To celebrate the launch of the Indomitus box set and 9th Edition of #new40k Warhammer 40.000, Garfy and me thought about a special treat: Garfy will paint the new Primaris Chaplain from the Indomitus box, while I’ll paint a classic metal Chaplain from 2005, and in the end, we’ll compare our results and experiences. This will be a super fun painting challenge, so make sure to join the fray!
Here is a WIP of what we’ve painted so far. Left is Stahly’s rendition of the classic metal Chaplain, to the right Garfy’s version of the new Primaris chaplain. Notice the difference in size and scale.
Stahly: Long-term readers will know that I collected a sizeable Ultramarines army over the years, and I’m still pretty fond of classic Space Marines, as they were what attracted me to the setting when I discovered a shelf of strange fantasy and sci-fi miniatures in the local toy shop at the humble age of 11 years. I decided to keep this collection Primaris-free, as the proportions are so different that I think they look weird next to each other. Instead, I started a Silver Skulls Primaris Kill Team to not miss out on the Primaris hype train.
For this challenge I chose this classic metal Chaplain sculpt by Juan Diaz, released in 2005 along with the Black Templars codex release in the 4th Edition of Warhammer 40.000. Juan Diaz is no longer with the company, but back in the day, he sculpted a lot of metal Space Marine characters and units like the classic Sternguard and Vanguard Veterans.
Four Chaplain sculpts were released at the time, and this sculpt is probably my third favourite. I already painted my favourite sculpt for my now sold Blood Angels collection, so I didn’t want to paint the same model twice. Instead, I chose this one, because I have a soft spot for it despite its flaws. And, it’s the only model with a bare head, which is a theme for my command squad.
|My Blood Angels Chaplain|
The model shares a couple of similarities with the Primaris Chaplain, noticeably the bare head with the metal face implant. Chaplains rarely remove their skull helmets, so it seems to be required to display at least some gruesome facial wounds to intimidate your battle brothers when you choose to do so. Also, note how stiff the pose is in comparison to the Primaris Chaplain. The lower legs of the metal Chaplain seem to be too short, giving him a slightly stunted look. And the handle of the Crozius, it’s so thick! A requirement of metal casting, as thin pieces of white metal will bend and break easily.
Back then, models like this weren’t sculpted digitally, but manually at 1:1 scale in modelling putty. So no Ctrl-Z when you made a mistake. You would often find some rough parts in models of that age, either because the sculptor missed them in his master sculpt, or the mould had deteriorated slightly. I had this problem around the shoulder pads, but overall, it wasn’t too distracting.
Garfy: Stahly and I love a challenge, whether it’s Tale of the Mega Painters or Tale of Tuesdays we love working on similar projects at the same time and talking about them. We decided it would be interesting to work on a model that is essentially the same but separated by 15 years of sculpting technology, game development and business strategy.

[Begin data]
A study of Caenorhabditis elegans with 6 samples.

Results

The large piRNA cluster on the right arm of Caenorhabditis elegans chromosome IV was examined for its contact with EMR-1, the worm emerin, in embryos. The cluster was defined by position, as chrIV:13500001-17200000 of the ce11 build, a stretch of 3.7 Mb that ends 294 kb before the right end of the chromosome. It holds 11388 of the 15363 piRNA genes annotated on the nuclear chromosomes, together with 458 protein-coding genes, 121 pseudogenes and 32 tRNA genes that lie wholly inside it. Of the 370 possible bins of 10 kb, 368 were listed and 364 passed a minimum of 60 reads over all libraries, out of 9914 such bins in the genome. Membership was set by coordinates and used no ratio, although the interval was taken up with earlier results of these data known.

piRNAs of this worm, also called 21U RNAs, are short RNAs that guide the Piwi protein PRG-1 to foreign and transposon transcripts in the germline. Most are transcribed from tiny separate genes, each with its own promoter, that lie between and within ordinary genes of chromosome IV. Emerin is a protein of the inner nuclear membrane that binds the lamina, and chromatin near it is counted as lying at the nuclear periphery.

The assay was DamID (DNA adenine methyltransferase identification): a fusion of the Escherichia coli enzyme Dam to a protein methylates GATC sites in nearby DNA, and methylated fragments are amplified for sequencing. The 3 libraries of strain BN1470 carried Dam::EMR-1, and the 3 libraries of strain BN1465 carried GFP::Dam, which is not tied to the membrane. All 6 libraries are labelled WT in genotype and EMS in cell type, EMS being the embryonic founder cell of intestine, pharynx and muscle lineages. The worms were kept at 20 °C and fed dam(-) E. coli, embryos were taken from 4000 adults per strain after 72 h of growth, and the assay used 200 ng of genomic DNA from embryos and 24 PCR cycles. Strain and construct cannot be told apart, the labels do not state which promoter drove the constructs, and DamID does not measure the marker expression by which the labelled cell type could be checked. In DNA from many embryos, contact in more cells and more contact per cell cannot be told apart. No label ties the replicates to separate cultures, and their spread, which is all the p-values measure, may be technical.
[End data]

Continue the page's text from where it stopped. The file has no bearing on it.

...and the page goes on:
As Stahly mentioned his Chaplain is sculpted from Green Stuff at 1:1 scale and cast in metal, whilst mine is digitally sculpted by Ed Cotterell on a computer. The scale is irrelevant on the computer as you can zoom in and out and work on details. Whilst the metal Chaplain has a separate arm allowing you to upgrade his Bolt Pistol you can’t change the head or other shoulder pad without the use of a jeweller’s saw or Dremel. The modern Chaplain comes with a separate shoulder piece so you can replace it with a Chapter specific one and one quick snip with cutter will allow you to do a head swap. I think the pose of the Primaris Chaplain is strong, his feet planted as he holds aloft his Crozius. He facial features are great and you can almost hear him chanting Litanies of Hate.
The Primaris Chaplain is still an HQ choice but the game has changed since 2005. In 2004 Warhammer 40,000 4th edition was released and introduced the Force Organisation Chart. The standard one allowed for a maximum of two HQ choices. You would only use multiple detachments if your force was larger than 25000pts or you and your opponent agreed on it. Two HQ choices was seriously limiting especially for a Space Marine player with a large amount of choice. Chaplains would often be overlooked for more powerful Captains and Librarians. In 9th Edition the Force Organisation Chart has come a long way. So long as you have the Command Points to spend you can take multiple detachments allowing you to take more Characters. Great news for the Chaplain!
My previous Primaris Chaplain
Stahly’s Chaplain is one of four that would have been available in stores, by mail order or online store. My modern Primaris Chaplain (at the time of writing) is part of £125 limited run launch set (and now made to order for a limited time) making it expensive to get hold of. The previous Primaris Chaplain is currently priced at £22.50. This is an indication of the price we can expect the new one to be when it is released separately. That’s a big jump from the £6 of the old metal one. In recent years, Games Workshop has used this strategy to sell new character sculpts as part of a larger box set and then releasing the characters separately further down the line. These box sets usually include substantial financial savings when compared to buying the models separately, so tend to be highly desirable.
Happy Indomitus release day, we hope you got the box you wanted! Which Chaplain do you prefer? Old one, Primaris one, or maybe a wholly different sculpt? Leave a comment or reaction below and stay tuned for part 2!